There is a common misconception that people who cannot store their unaccounted wealth in their own country open accounts in Swiss banks. Even though this may be true to an extent, Swiss banks are well known for their sophisticated and discreet banking services.
Many of the rich and famous like film stars, business entrepreneurs, top government officials, presidents, etc, are reputed to have Swiss bank accounts. Then again, it is also said one need not be a multi-millionaire to open a Swiss bank account.
Brief Background of the Swiss Banking System
One of the most prosperous and economically advanced nations, Switzerland has the world’s largest gross domestic product (GDP). There are nearly 400 banks in Switzerland, which range from the “Two Big Banks”, to smaller banks, serving single communities or selective clients. Considered as the world’s largest offshore financial center, the Swiss banking sector is renowned for its privacy, stability and protection of their customer’s information and assets. The Federal Banking Commission (FBC) regulates these banks.
Opening a Swiss Account
Often freely available, a Swiss bank account provides total confidentiality, strict privacy, and is tax-free. However, certain documents are required as proof to open a Swiss account. For example, people who are not residents of Switzerland need to furnish their passports, along with a passport size photograph. Depending on the profession, a current bank statement would be required to determine the client’s current financial condition. Along with this, certain personal information, like the date of birth, country of origin, etc., is also required.
A useful feature of Swiss banking is that it can also be done via correspondence as long as the customers follow bank rules and regulations. The bank and customer could interact through the Internet, telephone or snail mail.
However, a drawback of Swiss banking is that non-residents are expected to pay a hefty amount as deposit, and, the smaller accounts are more expensive to maintain. There is a clause especially for US citizens wherein they are expected to refrain from making any business transaction through their Swiss accounts, to keep their account privacy intact.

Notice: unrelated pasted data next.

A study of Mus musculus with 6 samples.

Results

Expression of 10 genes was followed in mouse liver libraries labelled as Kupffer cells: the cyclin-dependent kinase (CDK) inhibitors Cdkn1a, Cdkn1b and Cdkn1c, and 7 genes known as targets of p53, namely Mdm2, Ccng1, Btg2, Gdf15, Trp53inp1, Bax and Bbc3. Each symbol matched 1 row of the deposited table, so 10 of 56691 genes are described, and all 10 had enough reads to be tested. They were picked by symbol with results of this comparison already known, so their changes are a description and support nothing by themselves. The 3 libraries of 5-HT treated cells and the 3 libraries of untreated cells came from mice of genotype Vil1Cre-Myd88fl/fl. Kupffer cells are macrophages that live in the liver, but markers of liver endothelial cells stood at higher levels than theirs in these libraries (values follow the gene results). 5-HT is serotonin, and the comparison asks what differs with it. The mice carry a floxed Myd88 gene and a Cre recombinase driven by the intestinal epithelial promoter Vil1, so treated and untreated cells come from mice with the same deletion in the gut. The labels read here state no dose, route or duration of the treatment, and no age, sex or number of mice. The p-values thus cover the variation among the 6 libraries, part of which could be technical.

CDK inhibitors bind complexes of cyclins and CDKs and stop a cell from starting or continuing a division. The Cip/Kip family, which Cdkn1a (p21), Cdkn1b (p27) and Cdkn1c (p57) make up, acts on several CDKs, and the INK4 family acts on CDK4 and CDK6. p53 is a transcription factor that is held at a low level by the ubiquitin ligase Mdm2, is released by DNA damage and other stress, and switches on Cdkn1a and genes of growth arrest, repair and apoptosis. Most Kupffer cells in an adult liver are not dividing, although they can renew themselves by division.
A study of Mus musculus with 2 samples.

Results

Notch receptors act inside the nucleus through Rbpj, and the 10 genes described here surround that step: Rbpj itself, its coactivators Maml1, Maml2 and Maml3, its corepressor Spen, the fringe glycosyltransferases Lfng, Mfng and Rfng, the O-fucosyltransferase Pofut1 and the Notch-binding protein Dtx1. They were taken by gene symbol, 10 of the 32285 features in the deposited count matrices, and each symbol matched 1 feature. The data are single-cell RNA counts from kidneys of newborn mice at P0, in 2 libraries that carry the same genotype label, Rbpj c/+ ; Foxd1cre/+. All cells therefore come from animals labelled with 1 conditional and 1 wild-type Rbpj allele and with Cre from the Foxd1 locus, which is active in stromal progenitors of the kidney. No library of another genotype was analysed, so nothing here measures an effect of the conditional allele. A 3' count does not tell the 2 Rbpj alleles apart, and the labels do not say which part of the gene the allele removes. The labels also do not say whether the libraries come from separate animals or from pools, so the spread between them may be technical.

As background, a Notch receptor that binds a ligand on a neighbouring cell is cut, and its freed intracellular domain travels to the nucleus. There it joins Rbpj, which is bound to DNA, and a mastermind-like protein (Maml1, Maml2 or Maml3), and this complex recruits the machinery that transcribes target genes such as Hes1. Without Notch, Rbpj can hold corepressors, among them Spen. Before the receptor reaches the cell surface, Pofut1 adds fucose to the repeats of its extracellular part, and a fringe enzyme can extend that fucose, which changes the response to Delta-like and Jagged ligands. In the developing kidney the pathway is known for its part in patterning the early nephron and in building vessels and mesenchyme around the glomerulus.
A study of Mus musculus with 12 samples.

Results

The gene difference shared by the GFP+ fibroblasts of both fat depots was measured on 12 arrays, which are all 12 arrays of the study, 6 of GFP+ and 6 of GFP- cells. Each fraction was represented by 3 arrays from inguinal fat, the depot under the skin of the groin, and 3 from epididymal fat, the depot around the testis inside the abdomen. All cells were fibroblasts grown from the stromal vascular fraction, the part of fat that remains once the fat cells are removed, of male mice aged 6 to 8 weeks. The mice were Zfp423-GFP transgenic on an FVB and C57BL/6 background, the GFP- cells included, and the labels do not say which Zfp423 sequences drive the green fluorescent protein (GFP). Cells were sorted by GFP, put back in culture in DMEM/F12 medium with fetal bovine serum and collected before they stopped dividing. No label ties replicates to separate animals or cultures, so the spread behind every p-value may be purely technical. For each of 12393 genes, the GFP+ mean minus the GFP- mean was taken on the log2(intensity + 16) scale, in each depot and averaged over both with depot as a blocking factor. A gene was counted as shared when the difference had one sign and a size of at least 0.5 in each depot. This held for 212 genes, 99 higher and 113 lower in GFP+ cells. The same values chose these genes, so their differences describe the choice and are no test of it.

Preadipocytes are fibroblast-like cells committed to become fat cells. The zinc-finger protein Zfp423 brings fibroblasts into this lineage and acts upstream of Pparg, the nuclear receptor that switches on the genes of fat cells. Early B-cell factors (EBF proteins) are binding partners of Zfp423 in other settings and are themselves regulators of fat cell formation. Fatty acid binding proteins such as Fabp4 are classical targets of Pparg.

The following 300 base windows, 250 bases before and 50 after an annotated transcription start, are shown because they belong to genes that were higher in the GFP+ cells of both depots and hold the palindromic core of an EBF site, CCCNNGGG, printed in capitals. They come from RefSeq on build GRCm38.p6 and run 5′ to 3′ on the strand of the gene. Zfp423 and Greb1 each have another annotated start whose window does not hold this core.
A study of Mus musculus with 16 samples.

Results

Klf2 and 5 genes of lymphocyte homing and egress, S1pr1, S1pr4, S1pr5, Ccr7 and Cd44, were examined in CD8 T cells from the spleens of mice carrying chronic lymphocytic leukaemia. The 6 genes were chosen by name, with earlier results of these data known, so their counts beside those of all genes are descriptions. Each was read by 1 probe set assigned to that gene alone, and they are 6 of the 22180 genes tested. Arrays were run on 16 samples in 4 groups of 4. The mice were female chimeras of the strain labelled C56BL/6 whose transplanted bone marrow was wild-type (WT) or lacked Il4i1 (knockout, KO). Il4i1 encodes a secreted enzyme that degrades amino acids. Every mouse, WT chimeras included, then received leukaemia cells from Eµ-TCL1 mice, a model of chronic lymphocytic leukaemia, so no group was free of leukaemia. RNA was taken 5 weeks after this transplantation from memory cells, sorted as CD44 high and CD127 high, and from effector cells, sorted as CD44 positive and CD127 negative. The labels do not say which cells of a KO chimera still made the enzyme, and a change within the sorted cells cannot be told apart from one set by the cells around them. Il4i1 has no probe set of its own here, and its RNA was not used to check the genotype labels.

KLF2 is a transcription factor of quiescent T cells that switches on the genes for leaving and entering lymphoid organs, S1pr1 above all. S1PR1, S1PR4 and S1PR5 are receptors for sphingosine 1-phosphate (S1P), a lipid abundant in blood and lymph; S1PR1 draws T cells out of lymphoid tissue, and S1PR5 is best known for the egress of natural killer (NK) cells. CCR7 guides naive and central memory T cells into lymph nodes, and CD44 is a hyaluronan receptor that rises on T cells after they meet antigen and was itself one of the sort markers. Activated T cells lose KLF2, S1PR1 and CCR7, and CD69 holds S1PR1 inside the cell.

A security deposit is needed in case the customer wants to obtain a credit card. Approximately 1.5 to 2 times the monthly credit limit is demanded, depending on the bank the customer chooses. This deposit is returned when the customer decides to discontinue the credit card, and has paid all outstanding bills.
There are legends about mysterious numbered accounts in Swiss banks. Some high security bank accounts are given pseudonyms or special names instead of issuing them in the name of the customer, to preserve the anonymity of the customer. This number or name is used wherever the customer is referred. Moreover, even bank employees are expected to respect the customer’s privacy, the failure of which could land them in prison for several months.
However, Swiss banks, being very particular about preventing money laundering, crosscheck the authenticity of the information provided by the customer. If, during the scrutiny, the bank finds the information of a potential or existing customer connected to some criminal activity, a Swiss judge or prosecutor issues a lifting order. These investigations could include international criminal investigation for tax fraud, insider trading, or the infamous terrorist financing of recent times.
Closing of an Account
Despite a few negative notions about Swiss banking, closing an account is said to be easier than expected. No financial penalty is demanded, and neither is the money held hostage, like it is done in other off shore banking.
To conclude, the secrecy and discreet nature of Swiss banking makes them convenient and dependable. This not only helps customers to save money, but also is a viable means of attaining economic superiority in the business world and society as a whole.